Most Dangerous Favela in Rio de Janeiro, Brazil is First to Build Bike Lanes

Last month, the city launched the construction of a ciclovia in Rio de Janeiro, Brazil’s Maré Favela. The new route, which is set to open in 2016, will connect the community to the stations of the TransCarioca BRT as far as Fundão, and the future TransBrasil BRT (still currently under construction). In total, there will

Maré Favela, Rio de Janeiro, Brazil

Last month, the city launched the construction of a ciclovia in Rio de Janeiro, Brazil's Maré Favela. The new route, which is set to open in 2016, will connect the community to the stations of the TransCarioca BRT as far as Fundão, and the future TransBrasil BRT (still currently under construction). In total, there will be 22 kilometers of exclusive or shared bike lanes, which will cost an estimated R$7 million (2.3 million USD), as reported by the journalist Ancelmo Gois. During the inauguration event, Mayor Eduardo Paes stated that the ciclovia is, in reality, symbolic since a good portion of the local population uses bikes daily.

“The ciclovia is symbolic -- it has existed only for those in the wealthy South Zone for recreation. We are inverting this logic by giving the ciclovia to the worker. We are not merely stimulating the use of bicycles, because there already exists a large population in Maré that use bicycles without the support of official authority ,” the Mayor stated.

The idea to build a ciclovia in the Maré complex came from the residents themselves. When the government resolved to listen to the requests of neighborhood associations, they began discussions that lasted almost a year. It was through these conversations that the map of the ciclovia was defined, along with locations of two thousand bike rack installations.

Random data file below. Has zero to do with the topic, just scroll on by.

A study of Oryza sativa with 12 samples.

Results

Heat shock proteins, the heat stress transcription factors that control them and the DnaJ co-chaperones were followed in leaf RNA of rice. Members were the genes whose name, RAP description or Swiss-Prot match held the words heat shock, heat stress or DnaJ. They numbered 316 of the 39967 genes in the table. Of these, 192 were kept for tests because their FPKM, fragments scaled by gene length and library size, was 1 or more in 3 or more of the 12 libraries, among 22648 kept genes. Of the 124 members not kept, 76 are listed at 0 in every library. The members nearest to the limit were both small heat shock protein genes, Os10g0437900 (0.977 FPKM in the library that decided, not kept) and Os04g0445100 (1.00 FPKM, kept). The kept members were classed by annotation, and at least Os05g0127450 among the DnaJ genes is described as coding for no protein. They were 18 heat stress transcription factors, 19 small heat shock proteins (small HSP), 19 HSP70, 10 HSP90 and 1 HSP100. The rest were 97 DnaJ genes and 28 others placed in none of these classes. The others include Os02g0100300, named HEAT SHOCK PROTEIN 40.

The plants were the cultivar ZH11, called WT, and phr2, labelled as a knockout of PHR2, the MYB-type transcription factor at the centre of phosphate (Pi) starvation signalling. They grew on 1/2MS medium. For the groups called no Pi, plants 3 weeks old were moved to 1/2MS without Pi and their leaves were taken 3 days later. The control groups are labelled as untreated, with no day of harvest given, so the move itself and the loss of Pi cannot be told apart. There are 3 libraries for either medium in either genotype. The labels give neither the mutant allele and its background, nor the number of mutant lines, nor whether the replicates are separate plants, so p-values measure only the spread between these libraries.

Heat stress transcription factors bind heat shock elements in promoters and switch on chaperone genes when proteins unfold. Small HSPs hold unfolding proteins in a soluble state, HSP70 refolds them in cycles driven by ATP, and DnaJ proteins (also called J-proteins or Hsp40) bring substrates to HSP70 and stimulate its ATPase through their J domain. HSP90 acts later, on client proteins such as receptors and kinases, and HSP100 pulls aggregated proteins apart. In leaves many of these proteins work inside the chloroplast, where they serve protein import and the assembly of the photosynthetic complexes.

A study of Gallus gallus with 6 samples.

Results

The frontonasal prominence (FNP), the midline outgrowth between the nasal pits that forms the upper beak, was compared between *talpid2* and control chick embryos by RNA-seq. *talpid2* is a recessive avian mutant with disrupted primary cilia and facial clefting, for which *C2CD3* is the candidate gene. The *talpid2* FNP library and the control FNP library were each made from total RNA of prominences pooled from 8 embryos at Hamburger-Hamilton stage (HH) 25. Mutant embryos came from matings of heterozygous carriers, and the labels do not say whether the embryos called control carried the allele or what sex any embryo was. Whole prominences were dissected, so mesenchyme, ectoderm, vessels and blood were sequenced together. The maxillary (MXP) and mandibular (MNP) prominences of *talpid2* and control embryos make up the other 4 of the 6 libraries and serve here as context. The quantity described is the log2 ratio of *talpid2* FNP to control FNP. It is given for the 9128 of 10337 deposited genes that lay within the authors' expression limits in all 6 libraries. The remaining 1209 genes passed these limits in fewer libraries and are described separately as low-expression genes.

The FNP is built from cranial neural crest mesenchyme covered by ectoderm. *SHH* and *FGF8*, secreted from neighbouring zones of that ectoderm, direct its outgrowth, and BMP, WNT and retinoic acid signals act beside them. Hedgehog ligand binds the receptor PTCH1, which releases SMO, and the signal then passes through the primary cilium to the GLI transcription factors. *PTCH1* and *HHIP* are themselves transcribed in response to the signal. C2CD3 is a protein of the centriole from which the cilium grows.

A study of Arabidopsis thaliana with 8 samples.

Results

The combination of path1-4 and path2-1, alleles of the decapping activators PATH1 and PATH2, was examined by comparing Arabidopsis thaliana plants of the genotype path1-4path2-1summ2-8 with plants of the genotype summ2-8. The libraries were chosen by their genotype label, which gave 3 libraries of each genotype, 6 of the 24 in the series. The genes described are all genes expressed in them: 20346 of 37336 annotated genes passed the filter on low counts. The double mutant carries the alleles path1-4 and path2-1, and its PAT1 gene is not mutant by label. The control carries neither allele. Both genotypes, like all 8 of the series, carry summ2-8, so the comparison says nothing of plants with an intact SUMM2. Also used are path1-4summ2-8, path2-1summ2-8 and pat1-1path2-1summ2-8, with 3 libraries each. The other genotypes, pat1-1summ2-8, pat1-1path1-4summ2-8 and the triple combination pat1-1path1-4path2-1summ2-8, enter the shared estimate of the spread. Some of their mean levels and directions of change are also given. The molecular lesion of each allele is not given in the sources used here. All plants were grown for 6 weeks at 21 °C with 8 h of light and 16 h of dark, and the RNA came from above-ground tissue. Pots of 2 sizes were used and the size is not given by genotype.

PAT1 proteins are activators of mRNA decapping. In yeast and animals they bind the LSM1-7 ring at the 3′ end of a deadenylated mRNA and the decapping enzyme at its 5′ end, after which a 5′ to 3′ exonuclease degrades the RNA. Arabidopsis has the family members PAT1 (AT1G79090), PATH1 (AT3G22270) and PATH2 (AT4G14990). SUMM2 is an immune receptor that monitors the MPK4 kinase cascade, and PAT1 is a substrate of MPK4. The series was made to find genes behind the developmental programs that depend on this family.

Mayor Eduardo Paes meets with residents of Maré about the new cycle lanes, Rio de Janeiro, Brazil

First Ciclovia in A Favela

According to the Municipal Secretary of the Environment, Altamirando Moraes, the implementation of the ciclovia in the community achieves two objectives. It internally helps to organize transit and the use of bicycles. Beyond this, it will help the residents access locations outside their community, connecting the Maré complex to BRT lines, Bonsucesso (which has a train station), and Fundão (commercial center and location of  the Federal University of Rio de Janeiro).

“When they need a shopping center, the majority of the residents go to Bonsucesso. About 25% of the complex’s population works in Fundão in cleaning services and civil construction,” confirmed the secretary.

According to Altamirando, the choice for Maré to be the first favela in the city with a mobility plan for bikes was motivated by the local geography: “The people who mostly use bikes are in the communities. In more vertical favelas, the bikes remain at the base of the neighborhood. But Maré is flat -- ideal terrain for a ciclovia.”

With 380 km, Rio de Janeiro is the city with the largest network of ciclovias in Latin America. The city has promised to reach 450 km of cycle networks by 2016.

Signs to be installed with the cycle lanes.

The Complex Remains Occupied by Armed Forces

About 130,000 people live in Maré -- a complex with 16 communities located in the North Zone between two major expressways of the city, the Linha Vermelha and Avenida Brasil. Occupation in Maré, by 2,700 members of the military, began on April 5, 2014. The occupation period, which originally was intended to last only until the end of last year, was extended until June of this year. Despite the military presence, conflicts have been frequent in the region, which is considered one of the most dangerous in Rio de Janeiro.

Do you think bike lanes lead to safer communities? Have bike lanes enhanced economic activity in your community? Share your stories and thoughts in the comments area below.

Original article, originally published in Portuguese, here.

Credits: Data and images linked to sources.